Anyone with more than a passing understanding of Lean Six Sigma will be aware that Black Belt is the top qualification for practical application. While a certain percentage of people will go on to become Master Black Belts and coach other people in Lean Six Sigma, for most, the summit of their journey is to certify as a Black Belt.

So what makes a good Black Belt? Do you have the right characteristics? And what will it mean for your career?

What makes a good Black Belt?

There is no one size fits all template for a Black Belt, however there is more to Lean Six Sigma than data and statistics. Anyone considering Black Belt training therefore needs to be comfortable not just with standard mathematics and figures, but must also be able to influence and charm those they are working with.

We commonly talk about the equation E = Q x A. This simply means that the effectiveness of any new process relies on a combination of a high level of quality and a high level of acceptance within an organisation. Acceptance and quality are of equal importance. It doesn’t really matter how great your new and improved process is if no one in your organisation is prepared to adopt it.

Anatomy of a Black BeltAn effective Black Belt will be able to lead others, making them passionate and inspired. They’ll be an excellent project manager and good communicator. They must have an aptitude (or the potential) to tackle data and statistics, as well as being a good problem solver. Finally, they should have a clear grasp of business and finance.

It is important to have a ‘balanced’ Black Belt: Someone who can address both sides of the effectiveness equation with equal measure.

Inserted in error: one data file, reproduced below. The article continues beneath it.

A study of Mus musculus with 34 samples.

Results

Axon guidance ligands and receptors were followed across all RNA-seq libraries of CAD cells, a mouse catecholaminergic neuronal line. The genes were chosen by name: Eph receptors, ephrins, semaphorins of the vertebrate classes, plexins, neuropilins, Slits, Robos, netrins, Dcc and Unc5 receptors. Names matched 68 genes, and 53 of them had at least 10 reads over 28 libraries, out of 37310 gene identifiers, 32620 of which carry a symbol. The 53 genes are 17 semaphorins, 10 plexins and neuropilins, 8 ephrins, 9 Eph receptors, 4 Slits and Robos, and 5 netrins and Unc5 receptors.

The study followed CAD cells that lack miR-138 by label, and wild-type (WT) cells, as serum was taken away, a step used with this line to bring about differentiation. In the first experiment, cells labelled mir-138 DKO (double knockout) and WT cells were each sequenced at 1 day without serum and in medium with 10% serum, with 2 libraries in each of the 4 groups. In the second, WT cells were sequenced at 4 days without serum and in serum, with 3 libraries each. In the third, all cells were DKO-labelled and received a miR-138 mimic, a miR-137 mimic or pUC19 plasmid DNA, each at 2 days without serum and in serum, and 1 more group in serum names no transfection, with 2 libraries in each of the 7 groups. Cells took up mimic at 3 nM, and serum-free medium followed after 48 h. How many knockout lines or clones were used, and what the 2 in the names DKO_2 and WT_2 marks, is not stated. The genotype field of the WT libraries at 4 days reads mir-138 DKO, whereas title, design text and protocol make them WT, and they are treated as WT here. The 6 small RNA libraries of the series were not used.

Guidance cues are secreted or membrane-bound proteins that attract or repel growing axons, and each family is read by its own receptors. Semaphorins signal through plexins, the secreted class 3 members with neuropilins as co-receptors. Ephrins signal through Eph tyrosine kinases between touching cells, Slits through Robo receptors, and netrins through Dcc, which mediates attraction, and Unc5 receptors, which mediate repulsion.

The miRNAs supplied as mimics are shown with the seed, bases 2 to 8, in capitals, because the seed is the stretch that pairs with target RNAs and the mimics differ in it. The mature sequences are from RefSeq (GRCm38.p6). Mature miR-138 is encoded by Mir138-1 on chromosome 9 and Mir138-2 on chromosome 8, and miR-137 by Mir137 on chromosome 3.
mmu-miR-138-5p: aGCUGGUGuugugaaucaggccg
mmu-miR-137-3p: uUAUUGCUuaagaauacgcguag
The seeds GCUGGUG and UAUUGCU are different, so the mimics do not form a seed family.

Do I have the right character?

This is a challenging question to answer, as we generally think that you can work with your personal characteristics to make any role work for you – as long as you are readily aware of your own strengths and weaknesses.

That said, Lean Six Sigma Black Belts do require a degree of charisma and here’s why. They do not normally have line management responsibility and so if they want someone to do something for them, they have to illustrate why it is important. They have to convince people. Appeal to them. Get them on their side.

Often, they must do all this while fighting against current cultures and practices.

It’s also essential to be calm under pressure, level headed and well organised. Projects are long, complicated tasks that can have a number of people and elements involved and need to be delivered within a certain timeframe. Your character needs to be a complement to this type of environment.

What will it mean for my career?

inspiration MBBTaking Black Belt training and then becoming certified can open a lot of doors. It marks you out not only as someone who has a deep understanding of business improvement and project management, but someone who has used those skills to deliver tangible, measurable success.

Instead of being able to describe the work you’ve done; you’ll be able to show people. The project work you complete will illustrate the financial benefits that you personally delivered to the company.

And that is quite powerful.

The average Lean Six Sigma Black Belt in the UK earned £55,000 in 2014, with many earning over £100,000 depending on their role and experience. Furthermore, our own research on our past delegates revealed that 55% of people say that taking a Black Belt course led to a significant improvement to their career.

Rushmi Laidlaw, who took a Fast Track Black Belt course in 2012, won the British Quality Foundation’s 2014 Lean Six Sigma Award at the 2014 UK Excellence Awards. She credits her training with 100% Effective as the reason she was able to secure the job she wanted in 2013 and then go on to make the changes that saw her win this award.

Ultimately, Lean Six Sigma Black Belt training is not for everyone. But, if you take the training, it’s not just your business that could be transformed – it’ll be your career and professional outlook too.